Remembering Mindy McCready as she’s mourned by the music industry
Singer once broke ground on the imaging of women in country music
It was 1995, and reps for BNA Records brought an artist they were extremely exited about over to the Nashville offices of Billboard, where the author of this blog worked at the time. Her name was Mindy McCready. She was 19, stunning, talented, feisty and fearless. She visited with the Billboard staff, snapped a few photos, and left behind a quite favorable impression not just in our office, but in many others up and down Nashville’s Music Row.
Her first single, “Ten Thousand Angels,” was just climbing the charts at the time, and the young singer was simultaneously breaking new ground for the imaging of women in country music. In promotional images, she sported the then fashionable trend of midriff-baring outfits. While it seems quaint by today’s standards, 18 years ago such outfits—also favored by country singers Shania Twain, Linda Davis and others at the time—reflected the trend of sexuality taking a front-and-center role in the packaging of female country artists, a change from the Nashville music industry’s long-held belief that female artists needed to project a “girl next door” image.
McCready’s debut album, also titled “Ten Thousand Angels,” featured several shots of the teen wearing midriff-revealing fashions in the CD booklet, and one inside cover shot showed just her navel, which also happened to be pierced.
But Joe Galante, the then chairman of the label group McCready recorded for, told this writer in a 1996 interview that his staff was careful in her debut video “not to make her a sexual dynamo as much as a young woman who’s strong.”
She may have seemed strong—even started strong—but as we came to learn as her career faded and her personal life took center stage she was, sadly, not so strong after all.
After just three top 10 hits, and another two that went top 20, McCready changed labels from BNA to Capitol in 2000, but her one album for the latter label was not able to revive her already waning career. She charted her 12th and final single on Billboard’s Hot Country Songs chart in 2002.
In the 13 years that followed, she unfortunately became more famous for her poor choices and personal struggles than she ever was for her music. Those well-documented struggles included substance abuse, domestic violence, custody issues, failed relationships, rumored affairs, rehab, family strife, multiple brushes with the law, and a longtime battle with depression so debilitating that it would ultimately lead her to take her own life on Sunday at age 37, leaving her two young sons motherless.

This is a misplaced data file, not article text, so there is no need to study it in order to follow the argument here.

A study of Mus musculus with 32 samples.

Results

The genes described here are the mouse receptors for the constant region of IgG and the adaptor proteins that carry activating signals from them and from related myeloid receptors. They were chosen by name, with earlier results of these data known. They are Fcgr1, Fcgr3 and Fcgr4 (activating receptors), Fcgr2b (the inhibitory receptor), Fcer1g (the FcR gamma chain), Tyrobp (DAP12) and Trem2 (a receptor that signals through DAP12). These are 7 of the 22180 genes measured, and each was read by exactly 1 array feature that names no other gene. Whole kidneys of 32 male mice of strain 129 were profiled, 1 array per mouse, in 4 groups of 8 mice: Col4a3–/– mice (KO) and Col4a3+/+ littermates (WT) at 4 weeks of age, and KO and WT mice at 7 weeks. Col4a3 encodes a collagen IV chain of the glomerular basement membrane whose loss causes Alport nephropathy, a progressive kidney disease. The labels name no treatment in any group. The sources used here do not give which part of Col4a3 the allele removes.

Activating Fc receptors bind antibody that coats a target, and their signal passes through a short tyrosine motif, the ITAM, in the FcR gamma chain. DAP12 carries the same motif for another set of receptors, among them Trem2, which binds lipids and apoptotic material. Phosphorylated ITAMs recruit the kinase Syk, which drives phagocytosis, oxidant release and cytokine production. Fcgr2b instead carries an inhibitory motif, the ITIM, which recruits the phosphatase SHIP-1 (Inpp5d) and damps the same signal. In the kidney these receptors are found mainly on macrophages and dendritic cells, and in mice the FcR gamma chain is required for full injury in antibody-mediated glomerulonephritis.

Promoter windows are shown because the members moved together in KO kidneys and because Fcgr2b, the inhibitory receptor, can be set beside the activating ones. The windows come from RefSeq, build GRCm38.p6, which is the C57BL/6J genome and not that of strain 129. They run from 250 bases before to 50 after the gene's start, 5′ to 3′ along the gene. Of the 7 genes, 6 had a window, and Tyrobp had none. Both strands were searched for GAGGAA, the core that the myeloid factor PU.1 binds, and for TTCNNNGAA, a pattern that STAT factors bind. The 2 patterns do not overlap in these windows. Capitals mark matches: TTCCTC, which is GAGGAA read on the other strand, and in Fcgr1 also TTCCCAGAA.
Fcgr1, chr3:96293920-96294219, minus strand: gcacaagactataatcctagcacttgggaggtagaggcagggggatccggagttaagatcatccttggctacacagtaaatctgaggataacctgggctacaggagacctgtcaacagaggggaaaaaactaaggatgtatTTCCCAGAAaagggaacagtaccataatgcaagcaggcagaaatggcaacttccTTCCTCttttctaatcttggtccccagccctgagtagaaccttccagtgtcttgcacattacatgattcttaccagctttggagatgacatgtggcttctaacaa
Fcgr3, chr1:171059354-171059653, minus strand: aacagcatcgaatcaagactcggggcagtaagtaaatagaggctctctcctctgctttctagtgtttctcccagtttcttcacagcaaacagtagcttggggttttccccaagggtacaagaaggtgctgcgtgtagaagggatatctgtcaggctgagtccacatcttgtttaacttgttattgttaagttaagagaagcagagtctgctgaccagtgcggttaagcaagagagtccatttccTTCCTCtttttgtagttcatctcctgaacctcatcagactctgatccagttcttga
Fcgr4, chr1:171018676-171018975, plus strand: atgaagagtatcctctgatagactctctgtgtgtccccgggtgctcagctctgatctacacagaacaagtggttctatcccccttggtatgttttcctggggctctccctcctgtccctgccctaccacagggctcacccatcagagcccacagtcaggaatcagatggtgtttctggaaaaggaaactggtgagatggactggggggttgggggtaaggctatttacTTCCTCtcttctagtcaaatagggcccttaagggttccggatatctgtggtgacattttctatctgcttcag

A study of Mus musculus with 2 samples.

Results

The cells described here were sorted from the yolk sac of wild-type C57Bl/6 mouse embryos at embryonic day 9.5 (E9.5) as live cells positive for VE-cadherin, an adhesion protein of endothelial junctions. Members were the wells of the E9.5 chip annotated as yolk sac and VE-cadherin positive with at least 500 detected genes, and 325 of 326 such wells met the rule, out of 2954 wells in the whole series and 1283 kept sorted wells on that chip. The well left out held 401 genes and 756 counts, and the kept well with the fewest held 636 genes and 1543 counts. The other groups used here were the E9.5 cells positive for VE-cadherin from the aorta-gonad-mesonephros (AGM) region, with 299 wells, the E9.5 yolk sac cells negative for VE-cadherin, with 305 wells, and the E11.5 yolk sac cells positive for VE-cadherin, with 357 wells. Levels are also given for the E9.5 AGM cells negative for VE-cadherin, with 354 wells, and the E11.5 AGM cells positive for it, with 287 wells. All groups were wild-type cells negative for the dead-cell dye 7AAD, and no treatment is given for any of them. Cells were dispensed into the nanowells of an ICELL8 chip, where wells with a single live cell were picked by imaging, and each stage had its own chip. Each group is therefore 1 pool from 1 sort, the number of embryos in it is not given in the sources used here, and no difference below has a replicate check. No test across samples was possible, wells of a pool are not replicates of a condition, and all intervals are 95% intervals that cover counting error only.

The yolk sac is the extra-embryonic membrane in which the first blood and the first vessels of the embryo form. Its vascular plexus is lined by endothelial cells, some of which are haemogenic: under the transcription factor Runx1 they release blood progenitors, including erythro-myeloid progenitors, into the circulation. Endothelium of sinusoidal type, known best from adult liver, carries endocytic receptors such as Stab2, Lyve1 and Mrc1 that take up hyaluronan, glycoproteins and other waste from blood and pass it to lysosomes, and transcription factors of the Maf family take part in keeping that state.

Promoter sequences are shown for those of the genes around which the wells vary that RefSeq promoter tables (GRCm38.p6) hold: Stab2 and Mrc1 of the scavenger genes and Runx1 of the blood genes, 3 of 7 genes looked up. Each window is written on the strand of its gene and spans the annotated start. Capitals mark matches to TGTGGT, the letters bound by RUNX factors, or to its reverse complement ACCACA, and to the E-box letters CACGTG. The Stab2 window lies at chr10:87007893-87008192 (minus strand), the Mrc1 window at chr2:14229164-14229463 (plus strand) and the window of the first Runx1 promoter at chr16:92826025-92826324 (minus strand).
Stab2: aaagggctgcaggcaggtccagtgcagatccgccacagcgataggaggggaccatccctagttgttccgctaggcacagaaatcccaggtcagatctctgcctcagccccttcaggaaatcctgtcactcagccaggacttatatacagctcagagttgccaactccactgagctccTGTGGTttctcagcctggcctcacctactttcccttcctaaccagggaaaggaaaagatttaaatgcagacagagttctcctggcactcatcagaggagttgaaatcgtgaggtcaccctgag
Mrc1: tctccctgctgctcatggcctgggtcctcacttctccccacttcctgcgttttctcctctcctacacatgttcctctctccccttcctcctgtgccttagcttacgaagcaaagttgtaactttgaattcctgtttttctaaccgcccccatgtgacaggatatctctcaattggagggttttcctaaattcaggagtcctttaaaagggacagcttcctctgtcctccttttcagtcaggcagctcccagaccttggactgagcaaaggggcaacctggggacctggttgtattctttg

In the days since her death, numerous fellow artists have shared kind works about her on Twitter, and members of the Nashville music business establishment recalled their own fond memories of the singer in a tribute compiled by Billboard, where both her talent and her character are described in glowing terms by numerous people.
Even without knowing McCready personally, it’s probably not far off the mark to guess that such praise and kindness from her industry peers would have stunned her. It’s likely she’s felt completely shut out of—even shunned by—the music industry in recent years, an industry with an admittedly sad tradition of sometimes eating its young. In the Billboard article, McCready’s most recent booking agent spoke about the near impossibility of finding work for her as a performer.
While perhaps nothing might have made a difference in McCready’s heartbreaking downward spiral, it’s remarkably sad that this outpouring of affection and support came too late to bolster her spirits, and perhaps even save her life.
In the end, it was a singer similarly outcast by the country music industry who issued the most profound statement on McCready’s death. “I will pray for her children,” tweeted Chely Wright, “and I hope that people are gentle with her memory.”
To the writer of this article, Phyllis! What a kind and wonderful article! And so true, sometimes we all wait too long to say good things about someone that could have made all of the difference in the world!
I had always hoped Mindy could have made a come back. I enjoyed her music when she first came out! I send out my prayers to her family & her poor children! And thank you Phyllis for such a heartwarming article!
about the blogger
Veteran entertainment journalist Phyllis Stark has been reporting extensively on the music industry for two decades. As a freelance writer, her work appears regularly in numerous publications and sites. She previously was Nashville Bureau Chief at Billboard magazine.